1. Learner will gain familiarity with some possible strategies and techniques that an SLP may provide to patient when addressing specific areas.
2. Learner will be able to state 3 possible areas that an SLP may encompass in his/her treatment plan.
3. Learner will gain information regarding the role of an SLP when assisting with reduction of patient falls in the nursing home.
Attention and Concentration
Increasing maximal attention
*Goal: To maintain attention to structured tasks with less than 2 redirections.
*Activities: Making a grocery list, following map directions, sequencing tasks
*Possible Strategies/Techniques: Maintaining eye contact, speaking slowly, repeating information as needed, turn off the radio or television, closing the door during therapy to decrease distractions and background noise, complete only one task at a time.
Addressing short term and long term memory
*Goal: To increase recall of daily events and therapy details with minimum cues.
*Activities: Listening to a list of directions, presenting patient with pictures of different people and then have he/she recall the names of each person.
Safety Awareness and Reasoning
Due to cognitive deficits and lack of insight, patients may be at an increased risk for future falls.
*Goal: To increase safety awareness/problem solving skills to a maximal level for re-entry into the community.
*Possible Recommendations: Patient may need a room closer to the nurse's station so that they can be closely monitored, written reminders (i.e. "Do not get up unassisted!") reviewed and posted in room.
*Activities: Reviewing and reinforcing safety precautions (i.e. ringing red call button and waiting for assistance, locking wheelchair before standing), safety cards, written steps to carryout a task (e.g. transferring from bed to wheelchair).
Sometimes after a patient has a fall he/she may lack awareness of the time, place, existing situation, and identity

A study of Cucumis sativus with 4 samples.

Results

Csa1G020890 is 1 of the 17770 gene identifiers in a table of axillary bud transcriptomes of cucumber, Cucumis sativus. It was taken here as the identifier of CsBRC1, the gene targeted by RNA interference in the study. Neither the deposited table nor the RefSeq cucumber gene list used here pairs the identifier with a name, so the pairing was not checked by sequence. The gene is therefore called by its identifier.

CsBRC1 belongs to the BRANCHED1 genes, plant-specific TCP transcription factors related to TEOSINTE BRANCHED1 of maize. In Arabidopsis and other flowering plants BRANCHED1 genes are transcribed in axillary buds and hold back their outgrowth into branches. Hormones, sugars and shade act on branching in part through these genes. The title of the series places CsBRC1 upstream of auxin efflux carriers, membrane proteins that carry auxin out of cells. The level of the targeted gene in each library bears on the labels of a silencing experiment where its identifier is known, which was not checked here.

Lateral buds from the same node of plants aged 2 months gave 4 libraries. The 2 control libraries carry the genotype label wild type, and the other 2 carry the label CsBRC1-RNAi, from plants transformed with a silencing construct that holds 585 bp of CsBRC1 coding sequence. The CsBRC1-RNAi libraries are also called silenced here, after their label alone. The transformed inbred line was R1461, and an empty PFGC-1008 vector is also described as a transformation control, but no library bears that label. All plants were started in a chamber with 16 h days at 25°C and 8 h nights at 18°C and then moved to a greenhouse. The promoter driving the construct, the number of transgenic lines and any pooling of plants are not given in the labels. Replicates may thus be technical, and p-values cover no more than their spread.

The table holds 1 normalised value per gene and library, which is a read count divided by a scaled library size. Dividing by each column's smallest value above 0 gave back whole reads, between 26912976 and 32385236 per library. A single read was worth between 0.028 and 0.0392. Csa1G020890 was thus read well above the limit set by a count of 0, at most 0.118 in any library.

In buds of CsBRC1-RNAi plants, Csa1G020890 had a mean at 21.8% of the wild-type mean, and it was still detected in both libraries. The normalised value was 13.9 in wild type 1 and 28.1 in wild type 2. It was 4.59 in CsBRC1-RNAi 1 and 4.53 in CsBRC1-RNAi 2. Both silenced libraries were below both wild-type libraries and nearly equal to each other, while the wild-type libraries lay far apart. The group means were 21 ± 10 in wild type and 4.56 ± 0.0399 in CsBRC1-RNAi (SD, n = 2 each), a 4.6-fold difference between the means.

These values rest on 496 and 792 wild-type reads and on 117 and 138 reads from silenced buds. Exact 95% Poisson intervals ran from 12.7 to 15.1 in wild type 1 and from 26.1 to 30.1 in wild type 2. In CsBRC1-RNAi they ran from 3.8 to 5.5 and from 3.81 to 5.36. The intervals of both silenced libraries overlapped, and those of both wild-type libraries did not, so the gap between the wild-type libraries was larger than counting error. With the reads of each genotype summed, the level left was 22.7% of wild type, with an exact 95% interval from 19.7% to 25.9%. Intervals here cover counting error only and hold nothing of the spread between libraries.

*Goal: To orient patient x 4
*Activities: Family can bring in pictures of family members and pets as visual reminders of familiar people and different areas in their life, using the calendar to orient to time, checking daily to see if patient is oriented to person, place, situation and time (re-orient as needed).
*Strategies/Techniques: List of medications, visitor log, memory book or day planner which includes: calendar, daily schedule, names and roles of therapists, doctors and nurses
Many of these strategies are great to help improve patient's short term and long term memory as well as orientation skills.
*One of the patient's that I worked with when I was doing my internship in the nursing home told me once, "Part of growing old is letting go of the things you love." I have never forgotten that quote till this day, which brings us to the next important area, counseling.
*Most adults that are seen on a daily basis for therapy have suffered traumatic events that have caused many changes in more than one area of their life. So as a speech language pathologist it is important to keep that in mind when working with this population. Some are having to adjust to a change in schedule, asking for help and waiting for help with a skill that they have been use to doing independently, and many other changes that they experience.
*ASHA's "Scope of Practice" states that we as SLPs can/should provide counseling for those individuals we see for therapy with communication/swallowing disorders.
*It is important to help the patient realize that "they are still the same person, but just with different pieces."
American Speech-Language-Hearing Association. (2007). Scope of Practice in Speech-Language Pathology [Scope of
Practice]. Available from www.asha.org/policy.
*The information above was from a PowerPoint for an Inservice project for my internship in a Skilled Nursing Facility (SNF). I hope you all enjoyed it, let me know what you think the role of the Speech Language Pathologist when pertaining to falls in the nursing home.